Is Ascendant Exploration turning into Ascendant Desperation?

By , September 27, 2004

Junin is a world class copper-molybdenum-gold-silver porphyry deposit. Miocene granodioritic rock was intruded by younger mineralized quartz-dioritic and granodioritic porphyries. The economic mineralization is mainly related to primary sulphides. However the existence of secondary enrichment zones increases the potential. Junin is a project in an advance stage (geology, geochemistry, geophysics, drilling, environmentals, prefeasibility).

— Taken from Ascendant’s Exploration’s web page

Monday 27 October 2004

Reality: Ascendant is in deep trouble with the Junin project.

Number ONE: there is no drilling, geological, geochemistry environmentals (whatever that is!) work going on. At all. This is because of the strong and growing resistance to the presence of the mining company in the Intag region. The only thing they’ve drilled is some old boards on an old building they are renting in the increasingly anti-mining village of Chalguayacu Bajo! Period!

Most of Ascendant’s concession is within the Junin Community Ecological Reserve. They’ve been kicked out of there twice; once by an angry-machete-and-sticks yielding women’s group. There is no drilling or any exploration work going on, nor will there be, because the Junin community will not allow miners into their reserve. Then again, the other part of Ascendant’s mining concession is within the Chontal Protected Forest Reserve. This is a legal protected area which is nearly impossible to obtain mining permits to even explore, and much harder to exploit! (there are no instances of mining exploitation from Protected Forests Reserves).

Number TWO: Level of Opposition: Absolutely all the communities potentially impacted by the mining project are against the project. Without exception. This includes Junin, Barcelona, El Triunfo and Cerro Pelado, which are slated for full relocation. On the other hand, the list of communities supporting these directly impacted communities is growing; this in spite of the money the company is “investing” to try and get support. The latest example of the level of opposition to Ascendant by locals came about a week ago when mining employees were trying to delineate a (illegal) road to the mining concession. Hortensia, a local woman campesina came out with a machete to tell the mining employees to build their road somewhere else, and that they were not going through any land of hers. The Machete Diplomacy worked, and two days later, a support group from Junin and other communities was formed and travelled to Hortensia’s land to help patrol the land around her farm, and yet another local resistance group was formed in the community of San Edmundo.

Number THREE: It’s a bad project in a stunningly biodiverse area. There’s no way world opinion will let this project happen. It would destroy thousands of hectares of primary cloud forests belonging to the hottest of the planet’s biological Hotspots: the Tropical Andes. These forests are the habitat at least 28 species of mammals and birds threatened with extinction (no studies on other animals or plants have been done!). It would contaminate pristine rivers with lead, arsenic, chrome and cadmium, and impact what is arguably the world’s most biodiverse protected area; the Cotacachi-Cayapas Ecological Reserve.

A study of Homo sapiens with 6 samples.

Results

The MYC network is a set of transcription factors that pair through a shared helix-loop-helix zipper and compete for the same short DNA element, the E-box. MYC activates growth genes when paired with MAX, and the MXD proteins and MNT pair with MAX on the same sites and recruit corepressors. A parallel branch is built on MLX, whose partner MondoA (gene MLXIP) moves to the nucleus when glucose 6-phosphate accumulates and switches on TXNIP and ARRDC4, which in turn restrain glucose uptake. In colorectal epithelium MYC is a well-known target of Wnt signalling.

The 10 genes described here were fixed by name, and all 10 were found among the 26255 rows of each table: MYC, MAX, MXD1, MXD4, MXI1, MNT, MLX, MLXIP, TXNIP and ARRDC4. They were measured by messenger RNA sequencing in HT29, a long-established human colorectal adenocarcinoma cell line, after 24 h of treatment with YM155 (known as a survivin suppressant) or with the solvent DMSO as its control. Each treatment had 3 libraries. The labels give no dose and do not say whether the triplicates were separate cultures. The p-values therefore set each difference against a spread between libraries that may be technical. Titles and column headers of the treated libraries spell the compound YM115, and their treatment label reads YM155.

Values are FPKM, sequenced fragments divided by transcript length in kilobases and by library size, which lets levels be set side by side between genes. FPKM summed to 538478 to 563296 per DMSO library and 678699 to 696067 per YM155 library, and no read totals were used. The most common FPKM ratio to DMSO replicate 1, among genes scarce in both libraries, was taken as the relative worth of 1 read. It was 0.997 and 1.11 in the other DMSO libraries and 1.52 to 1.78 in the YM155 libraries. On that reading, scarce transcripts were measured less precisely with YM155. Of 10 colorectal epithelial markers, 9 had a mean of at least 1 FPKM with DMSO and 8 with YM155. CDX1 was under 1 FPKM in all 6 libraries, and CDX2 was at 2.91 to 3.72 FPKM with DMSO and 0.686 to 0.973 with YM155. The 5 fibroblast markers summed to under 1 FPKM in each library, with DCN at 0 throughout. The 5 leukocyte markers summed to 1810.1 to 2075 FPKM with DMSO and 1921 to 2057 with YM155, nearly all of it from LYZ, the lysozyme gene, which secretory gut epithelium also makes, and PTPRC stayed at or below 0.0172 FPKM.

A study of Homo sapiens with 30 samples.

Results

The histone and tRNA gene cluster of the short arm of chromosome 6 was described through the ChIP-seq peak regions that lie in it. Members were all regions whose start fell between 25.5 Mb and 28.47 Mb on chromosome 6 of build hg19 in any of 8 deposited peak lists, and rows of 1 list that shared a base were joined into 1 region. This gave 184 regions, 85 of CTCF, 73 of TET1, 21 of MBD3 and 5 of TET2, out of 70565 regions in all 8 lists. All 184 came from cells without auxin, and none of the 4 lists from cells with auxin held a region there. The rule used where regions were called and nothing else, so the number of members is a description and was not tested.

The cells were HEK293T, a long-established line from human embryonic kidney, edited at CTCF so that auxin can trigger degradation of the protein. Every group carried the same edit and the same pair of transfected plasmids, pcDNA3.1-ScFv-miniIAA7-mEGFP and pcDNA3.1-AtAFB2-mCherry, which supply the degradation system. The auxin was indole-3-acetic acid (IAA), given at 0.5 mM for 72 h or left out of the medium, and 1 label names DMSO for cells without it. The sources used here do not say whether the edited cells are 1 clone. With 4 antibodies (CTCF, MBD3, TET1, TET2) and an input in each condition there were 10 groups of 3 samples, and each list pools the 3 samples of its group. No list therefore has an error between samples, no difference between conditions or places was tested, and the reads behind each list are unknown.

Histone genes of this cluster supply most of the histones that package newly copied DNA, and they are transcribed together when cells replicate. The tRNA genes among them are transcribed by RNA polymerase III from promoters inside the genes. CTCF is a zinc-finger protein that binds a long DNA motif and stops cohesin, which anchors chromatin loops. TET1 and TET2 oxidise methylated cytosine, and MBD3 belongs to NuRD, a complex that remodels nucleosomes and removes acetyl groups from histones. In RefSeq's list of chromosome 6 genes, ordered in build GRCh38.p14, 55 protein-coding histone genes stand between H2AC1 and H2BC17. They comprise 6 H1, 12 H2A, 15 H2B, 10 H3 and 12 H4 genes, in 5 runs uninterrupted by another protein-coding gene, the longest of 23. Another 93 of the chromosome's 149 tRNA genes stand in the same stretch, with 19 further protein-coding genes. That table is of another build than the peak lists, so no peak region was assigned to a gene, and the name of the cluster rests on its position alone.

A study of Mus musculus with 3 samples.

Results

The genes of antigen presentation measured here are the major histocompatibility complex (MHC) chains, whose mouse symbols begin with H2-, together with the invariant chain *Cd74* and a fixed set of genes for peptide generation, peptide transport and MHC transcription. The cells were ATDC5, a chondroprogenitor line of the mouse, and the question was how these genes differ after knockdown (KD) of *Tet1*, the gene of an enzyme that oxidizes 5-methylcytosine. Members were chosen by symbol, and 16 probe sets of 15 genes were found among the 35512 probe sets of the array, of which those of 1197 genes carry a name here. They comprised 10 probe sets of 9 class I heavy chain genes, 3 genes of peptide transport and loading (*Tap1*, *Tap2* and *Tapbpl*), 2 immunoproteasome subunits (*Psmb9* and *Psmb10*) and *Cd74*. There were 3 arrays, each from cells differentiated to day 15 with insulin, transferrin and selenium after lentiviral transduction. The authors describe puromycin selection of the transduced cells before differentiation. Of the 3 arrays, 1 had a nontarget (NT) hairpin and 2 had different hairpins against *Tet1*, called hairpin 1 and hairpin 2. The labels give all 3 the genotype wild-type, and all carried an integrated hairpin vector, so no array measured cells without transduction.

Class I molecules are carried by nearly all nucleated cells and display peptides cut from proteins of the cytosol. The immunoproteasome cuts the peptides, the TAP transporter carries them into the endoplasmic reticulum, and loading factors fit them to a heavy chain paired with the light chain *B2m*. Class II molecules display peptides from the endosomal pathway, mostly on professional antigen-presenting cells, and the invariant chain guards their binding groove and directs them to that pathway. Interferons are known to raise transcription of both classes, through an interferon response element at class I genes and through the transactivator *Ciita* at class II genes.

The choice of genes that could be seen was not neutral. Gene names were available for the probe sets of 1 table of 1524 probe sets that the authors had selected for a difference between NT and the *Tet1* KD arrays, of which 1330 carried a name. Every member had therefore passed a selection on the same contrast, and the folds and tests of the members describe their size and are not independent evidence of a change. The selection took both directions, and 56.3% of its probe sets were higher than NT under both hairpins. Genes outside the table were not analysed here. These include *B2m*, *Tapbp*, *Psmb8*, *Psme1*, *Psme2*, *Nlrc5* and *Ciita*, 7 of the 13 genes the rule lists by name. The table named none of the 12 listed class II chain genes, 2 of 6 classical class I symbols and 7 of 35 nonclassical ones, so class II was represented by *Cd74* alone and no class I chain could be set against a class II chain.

It’s very relevant that as the company invests more and more money in trying to buy support, the level of opposition keeps growing around the mining site. The company has had to go much further afield to try and get support; knowing full well it will be the communities closest to the mining site who will determine the outcome. And they have already decided.

The resistance is also actively supported by local township governments and the Cotacachi County and almost 100% of the organized groups working in the Intag area. Cotacachi’s indigenous Mayor, Auki Tituana has publicly stated he will take the mining company to court if they persist in their efforts in Junin. He already presented a Constitutional Injunction against the mining concession last year. The legal action is still pending final resolution by the Tribunal.

Number FOUR: Cotacachi County was declared an Ecological County in September of 2000, and counts with very firm environmental regulations prohibiting mining activities from taking place. The next legal step is to take the case to the Organization of American States Commission on Human Rights (Washington D.C.). Junin is working with the CDES legal team who has successfully represented the indigenous community of Sarayacu against the Argentinean petroleum company in Ecuador’s Amazon.

Why would Ascendant want to lie about their activities in Junin? Easy: they have so far thrown away hundred of thousands of dollars into what they call “community development” in the Intag area, yet they have been unable to start exploration activities, and are losing local support by the day. Someone has to keep the investors fooled, otherwise the money might start drying up. Not only have they been unable to drill for mineral samples, they have not even been able to do an environmental impact study, because, well, the community of Junin will not let them onto their land. Can’t drill if you don’t have an environmental impact study. And you can’t do a environmental impact study without actually going into the concession! Exquisite catch 22.

The recent start of the rainy season in Intag means Ascendant has been beaten this year in their efforts to begin exploratory activities. The rains, however, will not keep Junin and our Mayor, Auki Tituana, from pressing their legal cases in the national and international arena.

Ascendant: are you getting the message?